Comedian Katt Williams came close to death while on a 100-city tour that ends in Las Vegas this weekend.
“During the winter, we caught every blizzard and snowstorm,” he says. Then in the spring, “at least four tornados (touched down) within 20 miles of us. It was exciting. Never a dull moment.”
It’s just like a stand-up to flirt with the end of himself. The late George Carlin made it to 71. But there have been other too-soon funerals for Richard Pryor, Lenny Bruce, Bill Hicks, Sam Kinison, Mitch Hedberg and Richard Jeni.
“We’ve taken some pretty big hits as of late,” Williams says.
Why do high-profile comics sometimes perish?
“As a comedian, you spend a great portion of your life rippin’ and runnin’, and stressin’, and goin’ from one hole-in-the-wall place to another,” Williams explains.
“You can spend a great amount of time just trying to make it … to any level of success in comedy. Notoriously, comics are crazy individuals, anyway.”
Comedians also get tried by fire because they learn on the job, onstage, in front of demanding comedy fans.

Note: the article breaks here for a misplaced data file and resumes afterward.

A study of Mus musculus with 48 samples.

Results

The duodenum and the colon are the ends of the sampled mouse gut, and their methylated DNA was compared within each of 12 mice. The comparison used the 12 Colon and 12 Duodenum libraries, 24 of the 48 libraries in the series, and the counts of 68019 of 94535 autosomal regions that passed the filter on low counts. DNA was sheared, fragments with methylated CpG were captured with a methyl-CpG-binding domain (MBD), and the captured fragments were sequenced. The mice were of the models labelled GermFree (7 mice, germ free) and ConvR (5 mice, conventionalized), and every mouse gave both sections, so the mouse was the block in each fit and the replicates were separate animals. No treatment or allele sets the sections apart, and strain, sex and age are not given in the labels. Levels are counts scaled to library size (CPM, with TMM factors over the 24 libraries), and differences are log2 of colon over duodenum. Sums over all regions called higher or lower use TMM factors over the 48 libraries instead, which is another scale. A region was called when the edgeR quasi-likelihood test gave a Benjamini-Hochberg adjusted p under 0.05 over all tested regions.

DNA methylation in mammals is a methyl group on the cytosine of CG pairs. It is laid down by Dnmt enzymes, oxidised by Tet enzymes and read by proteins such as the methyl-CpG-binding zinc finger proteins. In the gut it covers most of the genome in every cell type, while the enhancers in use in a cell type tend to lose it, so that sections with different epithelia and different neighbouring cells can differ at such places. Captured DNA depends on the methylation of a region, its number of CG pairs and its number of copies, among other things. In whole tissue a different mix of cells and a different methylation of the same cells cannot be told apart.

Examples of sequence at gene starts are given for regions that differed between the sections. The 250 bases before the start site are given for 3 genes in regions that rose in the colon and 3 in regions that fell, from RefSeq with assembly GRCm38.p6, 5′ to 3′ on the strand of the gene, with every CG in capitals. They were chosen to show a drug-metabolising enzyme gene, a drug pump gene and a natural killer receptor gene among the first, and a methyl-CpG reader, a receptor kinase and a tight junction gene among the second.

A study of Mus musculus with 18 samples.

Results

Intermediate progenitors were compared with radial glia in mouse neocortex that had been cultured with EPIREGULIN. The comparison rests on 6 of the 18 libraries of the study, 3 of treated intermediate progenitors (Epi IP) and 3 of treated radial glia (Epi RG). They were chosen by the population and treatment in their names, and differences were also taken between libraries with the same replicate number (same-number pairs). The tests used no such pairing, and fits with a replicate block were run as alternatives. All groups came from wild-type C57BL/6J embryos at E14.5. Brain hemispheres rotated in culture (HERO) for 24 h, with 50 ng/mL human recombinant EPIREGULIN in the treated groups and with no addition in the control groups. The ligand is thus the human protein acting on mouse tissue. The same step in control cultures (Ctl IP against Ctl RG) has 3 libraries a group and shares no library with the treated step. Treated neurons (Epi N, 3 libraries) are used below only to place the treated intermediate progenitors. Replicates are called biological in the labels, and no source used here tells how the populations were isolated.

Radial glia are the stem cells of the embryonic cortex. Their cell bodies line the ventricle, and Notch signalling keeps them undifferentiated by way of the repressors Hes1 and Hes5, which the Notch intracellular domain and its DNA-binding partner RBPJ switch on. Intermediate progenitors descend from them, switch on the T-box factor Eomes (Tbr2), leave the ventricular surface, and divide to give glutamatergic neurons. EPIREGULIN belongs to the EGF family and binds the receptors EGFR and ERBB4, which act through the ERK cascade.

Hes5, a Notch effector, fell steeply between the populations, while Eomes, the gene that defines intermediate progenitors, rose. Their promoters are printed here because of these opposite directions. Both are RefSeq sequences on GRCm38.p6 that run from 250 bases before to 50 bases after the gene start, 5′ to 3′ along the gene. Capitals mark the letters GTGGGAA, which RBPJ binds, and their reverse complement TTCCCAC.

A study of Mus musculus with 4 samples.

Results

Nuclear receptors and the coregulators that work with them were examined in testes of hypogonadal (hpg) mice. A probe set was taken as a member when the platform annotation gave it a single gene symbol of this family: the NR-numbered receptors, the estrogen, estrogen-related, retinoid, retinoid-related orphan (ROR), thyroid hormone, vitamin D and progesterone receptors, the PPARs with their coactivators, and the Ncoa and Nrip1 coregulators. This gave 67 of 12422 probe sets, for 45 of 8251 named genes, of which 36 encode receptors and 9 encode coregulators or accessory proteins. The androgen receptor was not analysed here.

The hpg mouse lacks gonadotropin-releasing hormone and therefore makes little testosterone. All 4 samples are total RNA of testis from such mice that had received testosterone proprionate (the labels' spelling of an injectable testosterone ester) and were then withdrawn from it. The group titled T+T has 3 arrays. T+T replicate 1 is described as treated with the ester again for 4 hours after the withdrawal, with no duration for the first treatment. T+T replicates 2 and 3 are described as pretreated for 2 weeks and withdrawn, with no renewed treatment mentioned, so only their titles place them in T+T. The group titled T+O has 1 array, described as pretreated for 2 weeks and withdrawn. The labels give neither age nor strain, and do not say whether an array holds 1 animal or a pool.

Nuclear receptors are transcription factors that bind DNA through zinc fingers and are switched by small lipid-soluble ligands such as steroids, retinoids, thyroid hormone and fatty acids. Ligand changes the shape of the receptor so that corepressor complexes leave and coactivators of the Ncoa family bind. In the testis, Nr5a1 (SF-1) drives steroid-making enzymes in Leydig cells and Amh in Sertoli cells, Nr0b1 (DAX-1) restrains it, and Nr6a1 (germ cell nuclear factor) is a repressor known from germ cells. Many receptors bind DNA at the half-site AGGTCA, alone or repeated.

“There’s no farm system at all. You’re an unknown comic or you’re a known comic, and that’s it,” he says. “There’s not a college or a university system that grows these comics to the next level.”
Williams’ goal is to build a Judd Apatow-esque “comedy empire,” partly by spotlighting the talents of peers.
“That’s what I’ve been attempting, so let’s see where it goes,” he says.
He already has voiced a character in TV’s “The Boondocks,” played himself in “Grand Theft Auto IV,” headed one of HBO’s biggest stand-up specials and co-starred in “Friday After Next.” After this weekend, Williams turns his attention to more TV and film projects.
Williams wants to transform further from “funny comic” to “the greatest comic of my time.”
And yet, Williams is humble when we talk about how he’s often referred to as a “funnyman” in the press. I tell him “funnyman” sounds old, like something you would call Fatty Arbuckle. If there’s “model” and “supermodel,” why isn’t there “comedian” and “supercomedian”?
“Yeah but if the ‘supercomedian’ option were available, I think I’d still get ‘funnyman,'” he demurs. “So I better get used to it.”
Whatever. The last time I interviewed D.L. Hughley, a year ago, I asked which living comic makes him laugh most, and he named Williams. He performs at 10 p.m. tonight and Saturday at The Pearl at the Palms. ($65-$85; 942-7777).
Doug Elfman’s column appears on Mondays, Tuesdays and Fridays. Contact him at 702-383-0391 and email@example.com. His VegasLand blog is at reviewjournal.com/elfman.